This may be my week of numb existence, but such is the circle of the BlogPoll: my games-played-only philosophy hasn’t changed at all, but at this point, there’s enough evidence available that everyone is effectively taking a "resumé" approach to some degree. Although, given the continued presence of Hawaii in the rankings, we’re obviously still drawing very different conclusions from that application. I’m not going to harangue anymore on the Warriors, but there is more on rewarding merely not losing below.
|6.||Ohio State (10-1)|
|7.||Arizona State (9-1)|
|8.||West Virginia (8-1)|
|10.||Virginia Tech (8-2)|
|14.||Southern Cal (8-2)|
|15.||Boston College (8-2)|
|22.||South Florida (7-3)|
|24.||Penn State (8-3)|
If there is a theme for the rest of the poll this week, it is to reward big wins and ruthlessly punish mediocrity/the exploitation thereof, and operational target mas grande on that front is Kansas. In retrospect, I was way too kind in my breakdown of the Jayhawks’ place at the table Tuesday. When KU beat Kansas State a week after the Wildcats pounded Texas at Texas, that looked like a good, affirming win. When KU won at Colorado when the Buffaloes were 4-3 and only a couple games removed from beating Oklahoma, that looked like a decent win. Texas A&M and Nebraska are usually good, right, or at least talented, and look at that score over Nebraska! And wasn’t Oklahoma State making some kind of noise since it switched quarterbacks? Time travel to three weeks ago, a month ago, all of those wins look like justifiable steps to the elite.
Those who would rank the Jayhawks one or two on those merits have left their minds in mid-October. Since losing to Kansas, Kansas State is 2-3 with back-to-back losses to last place Iowa State and hopeless Nebraska, by which the Wildcats were thoroughly shamed by a six-touchdown margin. Colorado has been humiliated by Missouri and, again, last place Iowa State. Since the start of October, lame ducks A&M and Nebraska are a combined 3-9, one of those wins coming against the other. Altogether, even disregarding Kansas’ truly atrocious non-conference slate, the six Big 12 teams the Jayhawks have vanquished to date are 14-27 in conference play, and not one of them has a winning record against the rest of the league; only Oklahoma State, at 3-3, so much as breaks even. The only KU opponent above .500 for the season is Texas A&M, which is 6-5, has lost four of its last five by an average of almost three touchdowns and itself has all of one victory over a winning team (6-4 Fresno State, in double overtime).
Regular readers know I try to approach every pick as systematically as possible by comparing wins and losses (I don’t do formulas or algortihms), but biased, loose, arbitray, misinformed common sense prevails over the systematic insistence of Virginia in the top ten. Again, given enough chances against not-bad teams, any team that can demonstrate some degree of consistency will find itself in some high cotton eventually, but Virginia’s best win to date – even over its demolition of foundering Miami Saturday – is a one-point trip across the finish line against UConn; if it’s not that one, it’s the Cavs’ one-point win over Wake Forest, or their one-point win over Maryland, or their five-point win over Georgia Tech. Consistency counts for something at some point, but all of those dramatic victories were gathering mold the second the gun went off. More damning, UVA has two terrible losses: one to N.C. State, which, the Wolfpack’s late winning streak aside, is still bad, and one to Wyoming, which looks worse and worse not only because Virginia delivered one of the three or four single worst performances by any respectable team all season, but did it against a mid-major team that’s now lost four of its last five, most recently getting trounced 50-0 by Utah.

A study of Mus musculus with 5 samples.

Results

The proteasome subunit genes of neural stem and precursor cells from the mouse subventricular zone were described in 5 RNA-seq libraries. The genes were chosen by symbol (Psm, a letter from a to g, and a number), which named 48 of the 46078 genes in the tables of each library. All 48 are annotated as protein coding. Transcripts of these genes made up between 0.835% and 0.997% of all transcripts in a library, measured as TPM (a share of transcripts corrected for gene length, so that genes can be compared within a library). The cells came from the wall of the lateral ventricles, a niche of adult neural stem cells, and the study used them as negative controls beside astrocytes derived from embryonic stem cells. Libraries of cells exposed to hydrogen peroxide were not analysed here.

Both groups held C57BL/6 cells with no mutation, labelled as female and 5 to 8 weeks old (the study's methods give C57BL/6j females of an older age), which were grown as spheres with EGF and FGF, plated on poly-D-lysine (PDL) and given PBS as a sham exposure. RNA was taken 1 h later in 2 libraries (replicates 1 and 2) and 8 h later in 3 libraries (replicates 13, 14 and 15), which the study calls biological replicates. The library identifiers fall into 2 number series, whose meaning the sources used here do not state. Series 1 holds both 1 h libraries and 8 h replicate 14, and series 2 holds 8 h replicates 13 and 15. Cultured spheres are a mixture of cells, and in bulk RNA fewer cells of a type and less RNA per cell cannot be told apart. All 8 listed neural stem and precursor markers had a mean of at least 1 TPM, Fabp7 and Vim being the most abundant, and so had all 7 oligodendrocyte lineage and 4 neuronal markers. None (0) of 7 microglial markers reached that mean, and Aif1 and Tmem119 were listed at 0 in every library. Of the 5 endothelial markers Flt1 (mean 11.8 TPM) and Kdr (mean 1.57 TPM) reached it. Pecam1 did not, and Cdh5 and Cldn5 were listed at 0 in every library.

Circumstances change quickly. Evolve! Evolve!
The decision to move Kentucky and South Florida ahead of the pack of Big Ten teams at the bottom of the poll was also a case of rewarding big wins: the Wildcats and Bulls each remain the only defeat on the resumés of LSU and West Virginia, respectively, and earn more significant points every successive week that’s the case, even as their wins over South Carolina and Auburn progressively lose their shine. As for the indistinguishable Big Ten trio bringing up the rear: Michigan is third because it had the weakest of the head-to-head wins in the group, and because it lost to Appalachian State (mainly because it lost to Appalachian State); it didn’t seem right, then, to push Penn State ahead of Wisconsin simply because PSU beat the Badgers, since I ignored head-to-head in putting the Lions ahead of Michigan (and there is no way to position these three without putting at least one of them below another it defeated). Outside of Penn State’s win over the Badgers last month, the conference wins are in effect identical; Wisconsin goes in front because its opening win over Washington State gave it the slightest possible margin over Penn State in non-conference schedule strength. There is no foolproof way of sorting out that tangle.
Everything will be different next week.